AMNA NAWAZ: Blues, rock, and soul artist Gary
Clark Jr. opened the 45th season of PBS’ “Austin
City Limits” on Saturday night.
The hometown favorite has gained a worldwide
following in just the last couple of years.
Jeffrey Brown recently joined Clark on the
road in Richmond, Virginia, to see how the
Grammy winner keeps capturing fans and headlines.
It’s part of our ongoing series on arts and
JEFFREY BROWN: In the title song of his latest
album, “This Land,” Gary Clark Jr. sounds
an angry cry about the racism and hatred he
sees in America today, and a confrontation
he himself had with a white neighbor after
he bought a new ranch outside his hometown
of Austin, Texas.
GARY CLARK JR., Musician: Basically, “This
Land” is me saying, yes, there’s all this
around, but forget everybody.
Nobody can bring you down in your head.
Nobody can make you feel less than.
Nobody can make you feel not equal to.
Be strong, be proud, be humble, but don’t
let them break you.
JEFFREY BROWN: Clark is on tour singing “This
We joined him at a concert at the historic
National Theater in Richmond, Virginia.
But the song’s tense sound and lyrics are
just one emotional tone for a man now reaching
ever-larger audiences with his guitar and
On the tour bus, it turns out, the band relaxes
watching golf tournaments.
Do you like this life, the traveling life?
GARY CLARK JR.: Yes.
I mean, I used to go to concerts all the time.
I would see the bus pull up and the band hopped
off the bus.
And what goes on in there?
GARY CLARK JR.: You know, golf.
JEFFREY BROWN: Golf.
JEFFREY BROWN: Clark is a proud product of
Austin’s famed 6th Street music scene, one
club after another, a wide variety of live
He got his first guitar at 12 and was quickly
grabbed by the sound of the blues, where,
still in middle school, he found an immediate
GARY CLARK JR.: It had this raw thing, and
there was guitar players up front, and there
was lead guitar playing.
There was improvisation.
And when I saw these people playing blues,
and when I went down to that blues club, it
was filled up with smoke, and those old guys
are cool with their leather jackets and their
Stratocasters and their Amps, I was like,
man, I want to be part of this.
And they welcomed us, being 14 years old,
to have your elders welcome you and be excited.
JEFFREY BROWN: They probably didn’t have too
many 14-year-olds coming to…
GARY CLARK JR.: They didn’t have any at all,
JEFFREY BROWN: The welcoming into the blues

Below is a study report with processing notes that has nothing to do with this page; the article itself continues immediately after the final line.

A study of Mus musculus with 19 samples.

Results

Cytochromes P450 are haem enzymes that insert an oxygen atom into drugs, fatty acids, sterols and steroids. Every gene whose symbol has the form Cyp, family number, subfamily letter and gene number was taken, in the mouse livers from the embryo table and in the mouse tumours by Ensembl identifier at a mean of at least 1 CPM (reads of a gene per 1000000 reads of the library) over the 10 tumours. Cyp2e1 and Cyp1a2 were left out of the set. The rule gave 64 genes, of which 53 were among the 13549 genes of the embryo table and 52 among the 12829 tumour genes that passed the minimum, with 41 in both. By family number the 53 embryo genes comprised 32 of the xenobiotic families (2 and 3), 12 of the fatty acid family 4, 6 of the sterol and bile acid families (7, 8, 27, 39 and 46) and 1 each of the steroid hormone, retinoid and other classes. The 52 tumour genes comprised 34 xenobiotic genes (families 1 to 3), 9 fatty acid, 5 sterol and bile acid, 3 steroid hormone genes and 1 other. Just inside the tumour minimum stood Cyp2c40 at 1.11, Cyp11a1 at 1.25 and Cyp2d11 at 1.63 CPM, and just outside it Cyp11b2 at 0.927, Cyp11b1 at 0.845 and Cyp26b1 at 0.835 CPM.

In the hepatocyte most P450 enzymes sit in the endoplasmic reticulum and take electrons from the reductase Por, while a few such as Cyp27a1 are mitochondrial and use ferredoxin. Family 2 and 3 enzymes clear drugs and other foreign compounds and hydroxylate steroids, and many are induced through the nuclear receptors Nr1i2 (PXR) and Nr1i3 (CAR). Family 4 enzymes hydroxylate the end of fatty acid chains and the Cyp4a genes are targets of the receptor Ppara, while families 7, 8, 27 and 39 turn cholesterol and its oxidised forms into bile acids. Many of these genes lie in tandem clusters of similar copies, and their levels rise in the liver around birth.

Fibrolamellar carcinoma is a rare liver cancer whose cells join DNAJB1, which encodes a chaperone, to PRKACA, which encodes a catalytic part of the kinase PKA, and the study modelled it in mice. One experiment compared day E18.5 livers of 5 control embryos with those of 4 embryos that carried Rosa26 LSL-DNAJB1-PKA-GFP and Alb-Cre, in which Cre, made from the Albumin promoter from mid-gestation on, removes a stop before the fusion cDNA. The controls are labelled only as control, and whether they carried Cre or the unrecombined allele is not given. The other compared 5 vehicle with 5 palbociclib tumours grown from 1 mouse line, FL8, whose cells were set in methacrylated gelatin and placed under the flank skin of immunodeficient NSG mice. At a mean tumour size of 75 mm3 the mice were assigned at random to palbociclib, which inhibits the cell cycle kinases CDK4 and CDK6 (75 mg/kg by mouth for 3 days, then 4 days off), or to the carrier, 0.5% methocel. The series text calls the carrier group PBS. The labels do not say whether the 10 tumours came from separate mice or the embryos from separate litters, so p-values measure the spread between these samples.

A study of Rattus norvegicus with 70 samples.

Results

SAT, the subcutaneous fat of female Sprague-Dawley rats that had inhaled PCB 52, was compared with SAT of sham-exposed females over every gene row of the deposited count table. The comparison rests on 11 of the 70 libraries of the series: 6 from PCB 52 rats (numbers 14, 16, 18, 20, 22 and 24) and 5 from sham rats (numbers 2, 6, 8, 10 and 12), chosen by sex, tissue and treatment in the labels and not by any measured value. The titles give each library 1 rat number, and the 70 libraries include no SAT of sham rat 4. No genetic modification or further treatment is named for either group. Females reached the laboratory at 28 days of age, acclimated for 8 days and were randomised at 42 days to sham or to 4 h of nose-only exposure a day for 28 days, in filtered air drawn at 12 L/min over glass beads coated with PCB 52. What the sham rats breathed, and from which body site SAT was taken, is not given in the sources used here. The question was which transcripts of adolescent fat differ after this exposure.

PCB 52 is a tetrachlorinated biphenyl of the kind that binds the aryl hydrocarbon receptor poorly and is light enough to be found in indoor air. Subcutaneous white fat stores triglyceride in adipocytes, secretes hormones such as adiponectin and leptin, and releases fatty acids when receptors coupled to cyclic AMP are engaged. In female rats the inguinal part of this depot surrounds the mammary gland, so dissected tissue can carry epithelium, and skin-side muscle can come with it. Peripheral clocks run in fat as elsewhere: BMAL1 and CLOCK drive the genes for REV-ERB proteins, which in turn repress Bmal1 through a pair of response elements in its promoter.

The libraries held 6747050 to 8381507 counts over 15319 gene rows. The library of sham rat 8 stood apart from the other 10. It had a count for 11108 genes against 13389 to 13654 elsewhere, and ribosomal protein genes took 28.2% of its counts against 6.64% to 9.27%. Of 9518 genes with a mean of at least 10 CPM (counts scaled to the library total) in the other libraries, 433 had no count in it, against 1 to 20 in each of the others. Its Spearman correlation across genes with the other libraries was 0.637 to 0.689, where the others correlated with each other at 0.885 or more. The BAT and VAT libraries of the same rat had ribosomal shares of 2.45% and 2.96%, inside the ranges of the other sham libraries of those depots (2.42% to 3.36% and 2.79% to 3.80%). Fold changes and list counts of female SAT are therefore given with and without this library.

community would culminate some years later
in 2010, when Clark was invited by Eric Clapton
to perform at his legendary Crossroads Festival.
GARY CLARK JR.: It meant something to me.
I felt like I was a part of something.
JEFFREY BROWN: A brilliant guitarist.
But backstage during sound check in Richmond,
the 35-year-old Clark told me he’d never actually
taken a formal lesson, and much of his education
came from watching guitar greats on the venerable
PBS program “Austin City Limits.”
GARY CLARK JR.: Yes, just dub the tape and
just watch it over, pause, rewind, see what
the chord shapes were, play it in slow motion.
JEFFREY BROWN: And who were you listening
Who were you watching?
GARY CLARK JR.: I was watching Stevie Ray
Vaughan, Jimmie Vaughan, and Eric Clapton,
B.B. King, Buddy Guy, Robert Cray, and Bonnie
JEFFREY BROWN: He would play at the White
House in 2012, win a Grammy two years later.
But Clark never saw himself as limited to
the blues and had begun to feel constrained
by what the world expected or wanted from
His newest album, his third studio recording,
is his most varied statement yet, a broad
palette of sounds, including reggae, a Prince-like
falsetto, straight ahead Chuck Berry rock
‘n’ roll riffs.
GARY CLARK JR.: It was just pick a color and
Let’s see what happens.
I felt like I was just ready to just bust
out running and let’s what else is out there.
So, I just took that approach.
JEFFREY BROWN: These days, Clark is paying
back his Austin roots, mentoring younger local
musicians like the Peterson Brothers, who
he took on the road with him as an opening
And also now, in his music, the hopes and
fears of being a parent.
Clark and his wife, Nicole, have two young
He says that and the world they’re growing
up make him want his music to reach deeper
and have greater impact.
GARY CLARK JR.: It’s because of this tension
and the social climate, race relations, and
fear, and the unknown.
How do I maneuver through that and teach my
kids how to be strong, teach my kids how to
be loving in a world that can be so cruel?
JEFFREY BROWN: For the “PBS NewsHour,” I’m
Jeffrey Brown in Richmond, Virginia.